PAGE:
Westminster attack

Hamza Hafeez

IN the wake of the Westminster terrorist attack, the world is witnessing trending hash-tags on social media websites to express solidarity with the victims, ceaseless lamentations of the international media for the death of four people who died in attack, front-page reporting, special media coverage, flood of condemnations from around the world, innumerable condoling statements and resentments from the international community.
But unfortunately, most of people who are phenomenally eloquent against terrorism today are same people who were silent like dead when a series of bloody terrorist incidents killed at least 150 people in Pakistan last month. What comes to my mind is question that where all this eloquence and extravagance with words, which we are seeing today, had gone when people of Pakistan were subjected to unprecedentedly heinous acts of terrorism? Coverage of these terrorist attacks in Pakistan by mainstream Western media was no more than publishing of a few trivial articles. Response of international community was mostly indifferent like it was not a matter of their concern at all.
It is pertinent to mention here that more than 60,000 Pakistanis have been killed in different terrorist attacks since 2006. In other words, Pakistan, per year, has been facing two terrorist attacks as fatal as 9/11 since 2006 by joining the “war against terror”. In spite of being confronted with a number of internal and external problems, the way the people of Pakistan have fought the peril of terrorism is commendably amazing. But for Western media, these efforts of Pakistan are not even worthy of being mentioned simply because they don’t affect their own countries. It seems as if the international community believes in two types of terrorisms: one, which targets the Western countries and the second, which targets the comparatively poor and developing countries.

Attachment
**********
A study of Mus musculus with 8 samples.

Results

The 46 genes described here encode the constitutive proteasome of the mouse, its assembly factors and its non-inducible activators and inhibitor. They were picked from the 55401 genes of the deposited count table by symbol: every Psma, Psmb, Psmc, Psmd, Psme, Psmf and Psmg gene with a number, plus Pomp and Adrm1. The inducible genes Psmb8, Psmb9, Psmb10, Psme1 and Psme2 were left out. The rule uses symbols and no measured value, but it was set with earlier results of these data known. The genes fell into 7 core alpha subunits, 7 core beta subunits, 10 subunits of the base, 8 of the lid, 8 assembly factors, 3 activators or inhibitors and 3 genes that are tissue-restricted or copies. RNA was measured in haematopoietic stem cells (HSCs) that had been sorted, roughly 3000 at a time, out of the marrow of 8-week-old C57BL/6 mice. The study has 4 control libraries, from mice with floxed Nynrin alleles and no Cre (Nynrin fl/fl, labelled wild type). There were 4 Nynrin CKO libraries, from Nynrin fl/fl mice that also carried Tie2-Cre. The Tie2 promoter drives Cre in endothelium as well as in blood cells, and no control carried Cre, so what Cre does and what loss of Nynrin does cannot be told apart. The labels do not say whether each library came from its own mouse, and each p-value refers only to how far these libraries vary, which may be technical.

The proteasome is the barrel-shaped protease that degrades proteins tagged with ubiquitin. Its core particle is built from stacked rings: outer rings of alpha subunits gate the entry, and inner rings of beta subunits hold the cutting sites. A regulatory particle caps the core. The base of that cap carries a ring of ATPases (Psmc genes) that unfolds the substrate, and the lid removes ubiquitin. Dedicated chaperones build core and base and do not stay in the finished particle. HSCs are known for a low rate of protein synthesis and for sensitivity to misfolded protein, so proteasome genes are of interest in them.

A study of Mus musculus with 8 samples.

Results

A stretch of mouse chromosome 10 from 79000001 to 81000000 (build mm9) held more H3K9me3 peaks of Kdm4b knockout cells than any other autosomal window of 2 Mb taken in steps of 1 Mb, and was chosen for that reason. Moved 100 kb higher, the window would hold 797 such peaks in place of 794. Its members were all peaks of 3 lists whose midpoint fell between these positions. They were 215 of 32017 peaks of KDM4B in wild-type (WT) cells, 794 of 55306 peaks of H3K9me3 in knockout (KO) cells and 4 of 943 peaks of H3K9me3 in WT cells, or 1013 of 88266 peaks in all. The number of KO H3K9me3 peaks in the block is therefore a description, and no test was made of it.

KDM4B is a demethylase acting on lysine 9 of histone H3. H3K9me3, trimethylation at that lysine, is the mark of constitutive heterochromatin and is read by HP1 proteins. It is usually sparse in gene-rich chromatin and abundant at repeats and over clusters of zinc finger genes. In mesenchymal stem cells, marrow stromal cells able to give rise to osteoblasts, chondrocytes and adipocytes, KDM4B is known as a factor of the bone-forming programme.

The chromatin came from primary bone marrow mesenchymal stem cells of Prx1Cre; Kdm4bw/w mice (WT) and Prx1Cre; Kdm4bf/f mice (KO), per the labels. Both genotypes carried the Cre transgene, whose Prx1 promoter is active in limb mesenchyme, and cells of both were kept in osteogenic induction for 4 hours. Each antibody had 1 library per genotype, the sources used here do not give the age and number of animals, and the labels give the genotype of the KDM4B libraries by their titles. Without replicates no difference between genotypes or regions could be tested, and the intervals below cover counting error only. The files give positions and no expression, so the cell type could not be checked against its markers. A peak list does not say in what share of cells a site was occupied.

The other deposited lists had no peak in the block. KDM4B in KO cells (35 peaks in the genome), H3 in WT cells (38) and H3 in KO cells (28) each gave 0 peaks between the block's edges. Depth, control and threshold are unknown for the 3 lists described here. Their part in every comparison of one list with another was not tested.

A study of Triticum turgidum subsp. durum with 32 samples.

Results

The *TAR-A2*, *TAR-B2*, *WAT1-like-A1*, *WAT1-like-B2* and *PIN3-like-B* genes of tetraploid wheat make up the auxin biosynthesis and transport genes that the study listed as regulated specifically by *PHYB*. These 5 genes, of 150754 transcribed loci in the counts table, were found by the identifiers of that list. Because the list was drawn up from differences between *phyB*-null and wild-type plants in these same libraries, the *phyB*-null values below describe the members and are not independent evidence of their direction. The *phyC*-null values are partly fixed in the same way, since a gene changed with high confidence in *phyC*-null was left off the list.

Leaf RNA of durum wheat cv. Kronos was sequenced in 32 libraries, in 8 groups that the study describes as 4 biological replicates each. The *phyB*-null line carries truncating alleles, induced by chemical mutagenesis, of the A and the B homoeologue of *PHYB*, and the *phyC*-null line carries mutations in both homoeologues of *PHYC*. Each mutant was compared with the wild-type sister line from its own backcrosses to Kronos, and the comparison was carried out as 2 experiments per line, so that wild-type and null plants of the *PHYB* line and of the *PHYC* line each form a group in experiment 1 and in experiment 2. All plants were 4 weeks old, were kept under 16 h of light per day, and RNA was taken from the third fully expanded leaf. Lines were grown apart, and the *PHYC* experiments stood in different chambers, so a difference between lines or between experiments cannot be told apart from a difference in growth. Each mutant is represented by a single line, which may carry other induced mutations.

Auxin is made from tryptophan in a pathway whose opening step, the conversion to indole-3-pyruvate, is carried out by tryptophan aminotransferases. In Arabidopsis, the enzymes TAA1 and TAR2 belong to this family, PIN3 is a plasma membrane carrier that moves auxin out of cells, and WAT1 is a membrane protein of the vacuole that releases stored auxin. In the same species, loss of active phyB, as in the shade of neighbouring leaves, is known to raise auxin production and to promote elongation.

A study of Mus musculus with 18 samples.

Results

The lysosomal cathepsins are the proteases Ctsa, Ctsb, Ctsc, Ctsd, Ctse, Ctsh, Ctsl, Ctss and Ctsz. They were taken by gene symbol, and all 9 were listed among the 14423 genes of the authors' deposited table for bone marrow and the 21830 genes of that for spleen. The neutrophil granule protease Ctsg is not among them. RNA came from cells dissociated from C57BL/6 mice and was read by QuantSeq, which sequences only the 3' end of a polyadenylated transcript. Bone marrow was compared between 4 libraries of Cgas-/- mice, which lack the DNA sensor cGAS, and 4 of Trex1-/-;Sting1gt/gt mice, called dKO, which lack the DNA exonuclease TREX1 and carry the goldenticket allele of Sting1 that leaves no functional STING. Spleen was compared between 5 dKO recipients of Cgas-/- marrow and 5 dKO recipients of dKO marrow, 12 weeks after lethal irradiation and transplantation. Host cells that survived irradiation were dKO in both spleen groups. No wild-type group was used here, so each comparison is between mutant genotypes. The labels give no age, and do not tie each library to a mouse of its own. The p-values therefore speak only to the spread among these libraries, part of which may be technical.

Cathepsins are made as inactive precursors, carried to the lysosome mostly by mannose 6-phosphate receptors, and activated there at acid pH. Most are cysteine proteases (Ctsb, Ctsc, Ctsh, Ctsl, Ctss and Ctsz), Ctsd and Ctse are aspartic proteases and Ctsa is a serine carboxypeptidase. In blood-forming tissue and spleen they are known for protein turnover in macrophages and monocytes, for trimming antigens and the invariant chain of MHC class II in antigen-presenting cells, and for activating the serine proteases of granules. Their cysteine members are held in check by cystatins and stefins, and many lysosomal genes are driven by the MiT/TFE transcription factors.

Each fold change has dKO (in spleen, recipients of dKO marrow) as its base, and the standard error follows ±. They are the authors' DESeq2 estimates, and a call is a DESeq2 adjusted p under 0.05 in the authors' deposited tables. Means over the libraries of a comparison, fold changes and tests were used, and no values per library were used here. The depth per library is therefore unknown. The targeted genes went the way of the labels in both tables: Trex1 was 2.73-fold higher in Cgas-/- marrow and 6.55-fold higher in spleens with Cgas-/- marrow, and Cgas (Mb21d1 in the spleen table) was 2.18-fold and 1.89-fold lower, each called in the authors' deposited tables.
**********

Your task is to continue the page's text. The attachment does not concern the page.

The global community needs to be cognizant of the fact that terrorism has no nationality, no race and no religion. It is a threat to humanity as a whole. For this threat, more or less, is equally shared by all the countries, so the reactions to it should also be equal. A terrorist attack in Pakistan is as abominable as an attack in Orlando or Westminster. Then why Pakistan was made an exception? We live a globalised world where the mainstream media enjoys the capability of building narratives and shapes the thinking of people. Freedom of speech, freedom of opinion and freedom of expression are of course among the inalienable basic freedoms. But how these freedoms are exercised by the mainstream media makes the whole difference. People have full right to freely appreciate or criticize and lament or celebrate whatever they want but when it comes to achieve the shared goals; then the strategies should also be shared by all the people. If we really want to further the cause of global peace and prosperity, we have got to understand that this cause can be served in a far more befitting fashion by acknowledging and encouraging others’ efforts and endeavours vis-à-vis the establishment of peace and by not exhibiting even an iota of duplicity for them.
Western media and governments should now rethink their behaviour and change it so as to make it consonant with the prerequisites of combating the filth of extremism and terrorism, otherwise overcoming these glooming threats would remain a pipedream.
—The writer is a lawyer based in Rawalpindi.